The £500m Paradise development is taking another huge step forward as work begins on the foundations of the first two landmark, Grade office buildings, One and Two Chamberlain Square.

Approximately 200 piles, between 900mm and 1200mm in diameter, will be drilled up to 20 metres into the ground. These will support the weight of the new buildings which, when fully constructed, will form the first phase of the Paradise development. Initially, the piles will be focused on the core area of One Chamberlain Square, then progress through the whole footprint of One and Two Chamberlain Square.

A rig weighing around 100 tonnes will be used to carry out the piling work, which will continue until early 2017. A separate 75-tonne crawler crane will also be needed to service the rig, adding to the number of pieces of large plant already operating on site.

Both the rig and the crane will be fully visible to passers-by, adding yet more visual interest to the site, which has been a hive of activity since demolition started.

This latest milestone is particularly exciting for professional services giant PwC, which has agreed to take the top four and a half floors of One Chamberlain Square as its new Birmingham office. The company, and its staff, will now start to see its new home take shape.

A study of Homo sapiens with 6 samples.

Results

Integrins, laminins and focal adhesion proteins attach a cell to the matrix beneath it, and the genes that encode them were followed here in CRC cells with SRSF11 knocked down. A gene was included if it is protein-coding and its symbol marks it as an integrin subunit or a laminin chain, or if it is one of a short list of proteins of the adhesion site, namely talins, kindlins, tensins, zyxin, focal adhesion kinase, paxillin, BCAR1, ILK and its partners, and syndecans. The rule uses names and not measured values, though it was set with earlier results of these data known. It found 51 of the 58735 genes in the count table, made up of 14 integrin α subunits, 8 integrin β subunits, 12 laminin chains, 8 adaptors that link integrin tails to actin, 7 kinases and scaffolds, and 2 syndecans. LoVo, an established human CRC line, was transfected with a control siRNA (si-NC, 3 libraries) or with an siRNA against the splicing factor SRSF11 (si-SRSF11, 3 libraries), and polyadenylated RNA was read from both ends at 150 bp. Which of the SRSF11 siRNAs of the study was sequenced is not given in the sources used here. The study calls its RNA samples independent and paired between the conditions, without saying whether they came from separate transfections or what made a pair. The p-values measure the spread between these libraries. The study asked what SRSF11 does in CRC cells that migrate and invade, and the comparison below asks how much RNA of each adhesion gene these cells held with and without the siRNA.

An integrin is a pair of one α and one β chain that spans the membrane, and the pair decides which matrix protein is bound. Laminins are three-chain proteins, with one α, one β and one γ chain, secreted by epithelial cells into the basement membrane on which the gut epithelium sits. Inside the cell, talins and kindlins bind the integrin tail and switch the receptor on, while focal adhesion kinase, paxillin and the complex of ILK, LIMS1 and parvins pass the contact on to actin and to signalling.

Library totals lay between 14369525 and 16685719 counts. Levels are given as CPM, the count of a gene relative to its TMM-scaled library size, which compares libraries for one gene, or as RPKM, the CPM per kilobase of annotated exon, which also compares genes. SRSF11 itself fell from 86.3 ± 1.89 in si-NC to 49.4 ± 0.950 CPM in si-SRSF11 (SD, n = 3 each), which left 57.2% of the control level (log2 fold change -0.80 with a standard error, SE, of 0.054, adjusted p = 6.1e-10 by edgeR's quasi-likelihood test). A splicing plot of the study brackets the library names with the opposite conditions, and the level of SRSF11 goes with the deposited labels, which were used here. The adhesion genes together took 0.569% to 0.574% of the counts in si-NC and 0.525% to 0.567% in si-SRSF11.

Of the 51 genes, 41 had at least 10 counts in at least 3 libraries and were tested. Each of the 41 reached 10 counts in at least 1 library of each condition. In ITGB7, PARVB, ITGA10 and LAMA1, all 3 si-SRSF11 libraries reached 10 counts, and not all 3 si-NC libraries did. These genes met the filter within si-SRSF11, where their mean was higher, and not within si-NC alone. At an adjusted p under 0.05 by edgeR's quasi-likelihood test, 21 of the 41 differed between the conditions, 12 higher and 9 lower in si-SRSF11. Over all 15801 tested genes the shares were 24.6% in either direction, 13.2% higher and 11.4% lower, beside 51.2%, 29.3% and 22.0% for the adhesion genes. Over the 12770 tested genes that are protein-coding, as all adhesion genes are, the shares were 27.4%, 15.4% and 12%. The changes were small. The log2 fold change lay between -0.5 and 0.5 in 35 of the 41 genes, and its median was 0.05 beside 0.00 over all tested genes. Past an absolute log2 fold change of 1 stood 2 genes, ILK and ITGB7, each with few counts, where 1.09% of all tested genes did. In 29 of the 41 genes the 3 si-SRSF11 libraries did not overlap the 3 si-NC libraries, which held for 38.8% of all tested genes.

Carillion, contractors for the demolition, infrastructure and enabling works, will oversee the piling work, which will be undertaken by Cementation. Carillion was recently announced as the contractor for One Chamberlain Square, which is expected to complete in Autumn 2018.

Rob Groves, Regional Director of Argent, the development manager for Paradise said: “It is great to see this next phase of Paradise being delivered with the foundations marking the beginning of the construction process for One and Two Chamberlain Square.

“There has been a great deal of interest in the scheme throughout the demolition process, and we are sure that will continue. It is very exciting for us to see the site now officially turn from a demolition site to a construction site.”